You are your best asset. As a matter of fact, you are your only asset. Invest in yourself to develop your skills and abilities.
I am primarily talking about our skills as an artist. We need to invest in our self to grow and get better professionally. It is a life-long process.
Do you invest enough time in your art? Many of us have a “real” job to pay the bills. And we have families and other obligations. It stretches us pretty thin at times.
But we cannot grow as an artist unless we put in the time to do the work. Practice, practice, practice. Repetition. Experiment. These things make us more skilled and more mature in our craft.
I have heard of a gallery saying they are not interested in an artist until they have painted 10,000 pictures. Of course, that is a silly metric. There is no arbitrary number to reach your peak. I do believe, though, as Linus Pauling said, “The best way to have a good idea is to have lots of ideas and throw away the bad ones.” Same with our art. We get better with practice as we learn to recognize the bad stuff and throw it away.
We have to put in the reps.
I don’t know about you, but before becoming an artist, my professional life involved constant learning. I seldom did things I learned in college. One of the great benefits of my previous career was that I had to learn to learn. My life as an artist is the same.
My friend Ramit Sethi makes a point of how much he spends on personal development, from courses to books to a personal trainer. He has a much larger budget to play with than I do. Even so, in proportion to where I’m at I may rival him. No personal trainer though. I have to be content with getting out almost every day and walking about 5 miles with my camera. His advice is good. I do like and generally follow his book buying rule: “If you see a book you like, just buy it”. As I write this I’m waiting for a new one to show up.
It’s not the amount you spend on training that matters, it’s the results. I have occasionally spent hundreds of dollars on classes that were a marginal benefit, but gotten a lot of good from a free online class. It is a matter of what speaks to you at the time. And the fact that you’re doing it regularly. I probably watch 10-15 hours of videos a week on art, marketing, sales, general business, and selected other subjects of interest. No, no funny cat videos.
The point, though, is that we must constantly invest in our self. When you say you already know everything you need, you start to stagnate. You can always learn something new and improve your artistic skills and yourself personally. You have to.
Now it starts to hurt, at least for me. I don’t like marketing. I would rather just do art.
But I have been told over and over and I now believe I have to invest at least 20% of my time marketing. The reality is probably more like 30-40%. I have a lot of catching up to do.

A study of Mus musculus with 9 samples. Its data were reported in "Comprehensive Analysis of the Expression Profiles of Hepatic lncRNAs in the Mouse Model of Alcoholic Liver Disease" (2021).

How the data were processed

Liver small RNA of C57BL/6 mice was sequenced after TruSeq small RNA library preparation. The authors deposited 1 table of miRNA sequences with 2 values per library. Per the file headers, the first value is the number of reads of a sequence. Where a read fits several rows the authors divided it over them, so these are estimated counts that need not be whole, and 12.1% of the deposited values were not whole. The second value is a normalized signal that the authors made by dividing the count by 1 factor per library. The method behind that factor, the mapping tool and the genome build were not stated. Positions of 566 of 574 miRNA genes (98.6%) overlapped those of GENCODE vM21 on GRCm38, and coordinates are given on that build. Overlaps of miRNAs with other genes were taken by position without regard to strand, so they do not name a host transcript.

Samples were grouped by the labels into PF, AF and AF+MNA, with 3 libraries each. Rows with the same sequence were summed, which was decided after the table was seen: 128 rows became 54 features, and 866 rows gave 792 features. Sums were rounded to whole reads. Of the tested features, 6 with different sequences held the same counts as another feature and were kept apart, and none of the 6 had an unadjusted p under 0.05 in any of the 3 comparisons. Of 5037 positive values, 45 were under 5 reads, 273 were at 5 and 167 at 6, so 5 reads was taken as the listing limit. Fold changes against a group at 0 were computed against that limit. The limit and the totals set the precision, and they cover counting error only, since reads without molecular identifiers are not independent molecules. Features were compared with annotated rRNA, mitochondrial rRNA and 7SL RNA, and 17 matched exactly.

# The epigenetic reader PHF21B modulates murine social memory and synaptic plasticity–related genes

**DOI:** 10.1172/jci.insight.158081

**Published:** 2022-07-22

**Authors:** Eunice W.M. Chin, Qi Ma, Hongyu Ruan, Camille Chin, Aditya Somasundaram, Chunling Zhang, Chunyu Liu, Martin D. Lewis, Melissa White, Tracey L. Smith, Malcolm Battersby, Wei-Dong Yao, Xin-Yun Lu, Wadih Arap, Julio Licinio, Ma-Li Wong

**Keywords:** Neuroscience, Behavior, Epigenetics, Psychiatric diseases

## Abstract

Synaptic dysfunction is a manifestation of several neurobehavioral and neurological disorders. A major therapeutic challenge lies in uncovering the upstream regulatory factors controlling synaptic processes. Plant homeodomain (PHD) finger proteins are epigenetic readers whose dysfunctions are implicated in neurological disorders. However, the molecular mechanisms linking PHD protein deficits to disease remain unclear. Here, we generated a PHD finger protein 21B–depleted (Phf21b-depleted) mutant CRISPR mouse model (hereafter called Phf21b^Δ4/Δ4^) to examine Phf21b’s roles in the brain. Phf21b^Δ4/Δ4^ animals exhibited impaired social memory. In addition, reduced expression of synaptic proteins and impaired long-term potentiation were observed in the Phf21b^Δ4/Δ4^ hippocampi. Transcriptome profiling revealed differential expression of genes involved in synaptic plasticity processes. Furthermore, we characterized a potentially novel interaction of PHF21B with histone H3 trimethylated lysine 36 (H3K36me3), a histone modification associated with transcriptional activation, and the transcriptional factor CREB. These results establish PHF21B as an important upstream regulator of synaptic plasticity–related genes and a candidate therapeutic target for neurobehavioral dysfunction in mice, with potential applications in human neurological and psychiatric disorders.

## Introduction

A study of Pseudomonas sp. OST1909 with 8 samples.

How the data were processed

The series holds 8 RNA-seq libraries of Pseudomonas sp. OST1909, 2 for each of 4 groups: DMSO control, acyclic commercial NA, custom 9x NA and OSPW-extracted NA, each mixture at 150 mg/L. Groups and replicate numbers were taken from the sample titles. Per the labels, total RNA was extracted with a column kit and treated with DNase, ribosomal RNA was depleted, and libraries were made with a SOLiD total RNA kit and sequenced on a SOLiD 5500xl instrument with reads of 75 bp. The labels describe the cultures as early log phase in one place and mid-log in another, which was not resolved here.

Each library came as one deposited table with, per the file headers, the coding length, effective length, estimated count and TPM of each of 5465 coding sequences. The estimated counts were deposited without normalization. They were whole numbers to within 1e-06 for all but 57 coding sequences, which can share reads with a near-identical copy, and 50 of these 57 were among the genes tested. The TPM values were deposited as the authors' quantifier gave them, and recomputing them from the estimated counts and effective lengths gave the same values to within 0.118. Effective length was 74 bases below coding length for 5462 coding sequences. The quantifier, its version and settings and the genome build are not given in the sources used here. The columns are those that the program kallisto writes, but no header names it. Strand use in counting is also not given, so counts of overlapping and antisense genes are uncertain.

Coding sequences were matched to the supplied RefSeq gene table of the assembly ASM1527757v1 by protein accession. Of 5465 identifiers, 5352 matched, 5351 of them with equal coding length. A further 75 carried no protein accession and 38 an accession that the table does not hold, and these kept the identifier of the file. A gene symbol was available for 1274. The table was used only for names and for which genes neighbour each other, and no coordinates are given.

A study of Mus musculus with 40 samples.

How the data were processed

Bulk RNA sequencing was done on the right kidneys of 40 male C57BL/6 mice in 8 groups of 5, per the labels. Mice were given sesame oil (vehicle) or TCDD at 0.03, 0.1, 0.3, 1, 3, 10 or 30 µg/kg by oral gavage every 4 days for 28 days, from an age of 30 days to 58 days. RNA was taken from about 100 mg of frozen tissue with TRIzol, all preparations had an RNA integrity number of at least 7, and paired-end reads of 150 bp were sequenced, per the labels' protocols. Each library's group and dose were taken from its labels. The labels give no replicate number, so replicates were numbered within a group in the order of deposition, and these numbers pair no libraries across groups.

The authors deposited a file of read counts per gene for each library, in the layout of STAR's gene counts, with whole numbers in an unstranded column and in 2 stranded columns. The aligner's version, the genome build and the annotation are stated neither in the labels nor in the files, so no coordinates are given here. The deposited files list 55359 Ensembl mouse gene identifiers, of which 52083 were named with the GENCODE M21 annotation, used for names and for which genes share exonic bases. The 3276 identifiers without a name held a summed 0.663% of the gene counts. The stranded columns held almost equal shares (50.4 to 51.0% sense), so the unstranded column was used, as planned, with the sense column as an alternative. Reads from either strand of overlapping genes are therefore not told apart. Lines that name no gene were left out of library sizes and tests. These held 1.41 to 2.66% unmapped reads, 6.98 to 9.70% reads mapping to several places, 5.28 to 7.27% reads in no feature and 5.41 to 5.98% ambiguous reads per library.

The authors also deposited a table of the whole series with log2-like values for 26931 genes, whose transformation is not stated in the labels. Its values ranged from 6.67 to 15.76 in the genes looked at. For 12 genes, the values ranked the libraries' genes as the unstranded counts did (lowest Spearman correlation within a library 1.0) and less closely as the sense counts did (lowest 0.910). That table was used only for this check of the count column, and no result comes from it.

Unless we are doing our art as a hobby, and are content to just show our work to friends, we have to market ourselves. “Build it and they will come” is a great line for a movie, but is not true in real life.
Art is a very competitive world. Galleries don’t want to hear from you. They have too many artists already. Selling online? So is everyone else. So what can we do? We build a distinct brand and be very persistent and professional in our outreach.
Several marketing gurus have made a point that we will never get anywhere if we do something a couple of times then get discouraged and move on to something else. Persistent, repetitive, sustained marketing is required to “break in” to the world we want. I don’t like it, but that is life.
As important as it is to grow and take care of our self professionally, I believe it is equally important to take care of our personal life. I hope your vision for your life is about more than just professional achievement. Do not neglect your health and fitness and your mental and spiritual development.
The training I advocated above also helps you mentally. Keeping your brain active and learning new things has a lot of long term benefits. A substantial part of the training should be targeted at things that do not seem directly related to your art. Read biographies, history, science, psychology, and even fiction. It is amazing what seemingly unrelated things can spark a creative idea.
A key word there is “read”. You are a professional. You cannot just watch videos. Reading has a greater benefit than watching a screen. Try it. It is good for your mind.
A common thread to all of this is mindfulness. This is just a fancy psychological term for being deliberate and conscious in what we do and very aware of what is going on around us. I am studying this now and I am sure I will be writing more on it later. But for now, pay attention to what you do and be very aware of your choices.
I love this picture with the article. It is one of the greatest train tracks I have ever seen. Look closer if nothing jumped out at you when you first saw it.
I can take it as metaphors for a lot of things. For this article, I will use it to make the point that there are many paths we can chose. But they do not all lead to the outcome we want. Choose wisely and deliberately. The path you want is usually not the easy one. You are your best asset. Take care of yourself. Work at it.